We all have a well of inner strength and power available to us. At times, it is easy to feel at mercy to life’s circumstances and can feel difficult to access this innate resilience and inner power during challenges. Fortunately, there are practices and rituals that can help us stay centered and stoke this inner fire, so you stay grounded and steady amidst life’s changing tides. This yoga sequence is designed to help you tap into your inner well of strength so you can confidently move forward no matter what life throws your way.
The evening is a time to prioritize grounding and inviting our focus and energy inward. It can feel hard to transition from a busy and stimulating day into the evening hours. This energy is often carried with us into the nighttime, affecting our sleep and ability to relax and restore. The yin energy of the evening invites us to spend time in quiet, connecting with ourselves and releasing and grounding the energy and mental noise we have accumulated throughout the day.
Transitioning from our busy days into the evening can feel challenging for many. Even though the day is finished, the chatter of the mind and stress we carry often continues. This can make it hard to relax and especially hard to fall asleep. It is essential that we take measures to intentionally wind down the day and prepare the body for rest.
The conversation around the vagus nerve and its importance has become increasingly popular in recent years. The vagus nerve is the largest nerve in the body and is a key part of your parasympathetic “rest and digest” nervous system. It influences your breathing, digestive function, and heart rate, all of which can significantly impact your mental health.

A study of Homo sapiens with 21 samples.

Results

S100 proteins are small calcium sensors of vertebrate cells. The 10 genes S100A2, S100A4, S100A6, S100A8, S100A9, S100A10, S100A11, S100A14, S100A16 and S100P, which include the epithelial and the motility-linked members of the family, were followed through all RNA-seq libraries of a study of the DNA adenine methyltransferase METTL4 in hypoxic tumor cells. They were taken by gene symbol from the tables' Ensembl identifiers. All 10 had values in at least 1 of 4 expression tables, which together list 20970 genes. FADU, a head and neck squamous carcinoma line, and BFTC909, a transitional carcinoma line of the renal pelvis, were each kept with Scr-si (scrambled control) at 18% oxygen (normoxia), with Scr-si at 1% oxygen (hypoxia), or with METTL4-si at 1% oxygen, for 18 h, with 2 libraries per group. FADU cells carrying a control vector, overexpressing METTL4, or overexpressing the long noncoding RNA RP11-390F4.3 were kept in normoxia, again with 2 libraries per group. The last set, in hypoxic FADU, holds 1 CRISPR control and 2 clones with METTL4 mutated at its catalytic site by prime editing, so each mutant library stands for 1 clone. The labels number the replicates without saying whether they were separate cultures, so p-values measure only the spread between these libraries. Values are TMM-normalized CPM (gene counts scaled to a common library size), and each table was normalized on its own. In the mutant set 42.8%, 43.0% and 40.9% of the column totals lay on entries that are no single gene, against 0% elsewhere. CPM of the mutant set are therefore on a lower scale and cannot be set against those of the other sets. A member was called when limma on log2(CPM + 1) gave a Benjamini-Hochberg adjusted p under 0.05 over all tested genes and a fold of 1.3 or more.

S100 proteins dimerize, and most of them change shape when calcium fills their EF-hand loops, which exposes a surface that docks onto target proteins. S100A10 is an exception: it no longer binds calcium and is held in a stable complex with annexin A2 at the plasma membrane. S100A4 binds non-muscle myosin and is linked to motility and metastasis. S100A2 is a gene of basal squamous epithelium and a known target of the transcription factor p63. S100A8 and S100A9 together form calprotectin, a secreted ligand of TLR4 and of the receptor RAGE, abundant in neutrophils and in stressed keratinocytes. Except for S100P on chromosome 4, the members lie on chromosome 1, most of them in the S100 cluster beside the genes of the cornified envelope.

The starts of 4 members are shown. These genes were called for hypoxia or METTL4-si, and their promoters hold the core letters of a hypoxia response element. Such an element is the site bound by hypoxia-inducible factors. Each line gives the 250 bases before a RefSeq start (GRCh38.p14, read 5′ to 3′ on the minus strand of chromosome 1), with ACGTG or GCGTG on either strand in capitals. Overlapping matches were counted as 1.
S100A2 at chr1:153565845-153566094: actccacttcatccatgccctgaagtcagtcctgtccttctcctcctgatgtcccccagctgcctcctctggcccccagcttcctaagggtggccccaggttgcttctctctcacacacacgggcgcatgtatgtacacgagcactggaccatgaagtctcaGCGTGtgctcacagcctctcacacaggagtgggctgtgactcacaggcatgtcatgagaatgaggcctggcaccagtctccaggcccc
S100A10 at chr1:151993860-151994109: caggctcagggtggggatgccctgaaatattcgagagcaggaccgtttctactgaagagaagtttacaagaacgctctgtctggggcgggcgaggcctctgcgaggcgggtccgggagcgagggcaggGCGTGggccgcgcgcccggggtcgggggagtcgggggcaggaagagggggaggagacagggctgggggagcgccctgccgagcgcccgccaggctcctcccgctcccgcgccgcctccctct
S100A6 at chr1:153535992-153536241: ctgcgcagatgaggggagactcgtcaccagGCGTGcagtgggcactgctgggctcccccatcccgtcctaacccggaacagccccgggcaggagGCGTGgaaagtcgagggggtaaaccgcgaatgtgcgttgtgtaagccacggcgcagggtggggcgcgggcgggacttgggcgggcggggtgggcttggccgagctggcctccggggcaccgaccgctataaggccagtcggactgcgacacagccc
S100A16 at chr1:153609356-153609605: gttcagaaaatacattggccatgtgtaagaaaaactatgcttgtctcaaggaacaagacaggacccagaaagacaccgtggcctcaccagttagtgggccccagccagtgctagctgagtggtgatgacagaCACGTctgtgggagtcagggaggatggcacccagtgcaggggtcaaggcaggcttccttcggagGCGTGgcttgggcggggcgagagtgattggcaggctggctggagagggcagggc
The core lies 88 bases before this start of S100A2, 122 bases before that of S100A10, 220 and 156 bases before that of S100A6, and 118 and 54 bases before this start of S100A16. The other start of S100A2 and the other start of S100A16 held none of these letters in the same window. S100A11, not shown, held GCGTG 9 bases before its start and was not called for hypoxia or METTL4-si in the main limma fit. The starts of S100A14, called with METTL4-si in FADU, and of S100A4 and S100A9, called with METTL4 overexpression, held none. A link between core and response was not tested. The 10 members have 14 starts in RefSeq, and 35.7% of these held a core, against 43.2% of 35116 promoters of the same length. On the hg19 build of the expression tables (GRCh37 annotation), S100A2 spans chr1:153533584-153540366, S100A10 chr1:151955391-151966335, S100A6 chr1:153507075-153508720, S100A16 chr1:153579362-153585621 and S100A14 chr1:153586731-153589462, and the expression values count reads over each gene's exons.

Springtime is associated with Kapha, the dosha governed by earth and water. Some of Kapha’s gunas, or qualities, include slow, moist, cold, and unctuous. As we transition into spring, the Kapha we have accumulated over winter begins to release, causing allergies, excess mucus, and sluggish digestion if we aren’t eating or adjusting our lifestyles to assist us during the change of seasons. Kapha season can dull our digestive fire, leading to poor digestion and assimilation, bloating, and incomplete elimination.
Yoga is the practice of merging all the disparate aspects of our being into one, unified essence. In fact, the word yoga in Sanskrit means union. When we experience yoga we experience our true nature, which is unbounded and unchanging. We can understand the true nature of our being through the Seven Spiritual Laws, as disseminated by Deepak Chopra.
It is the nature of the human mind to wander. We naturally create narratives, fantasies and accumulate mental chatter as we move throughout our days. Certain factors can exacerbate mental chatter; stress, caffeine, long work days, and anxiety can all make it seem near impossible for the mind to slow down. We can become lost in the landscape of the mind and forget to return to the present moment. The present moment is our seat of power and allows us to access our innate wisdom and intuition.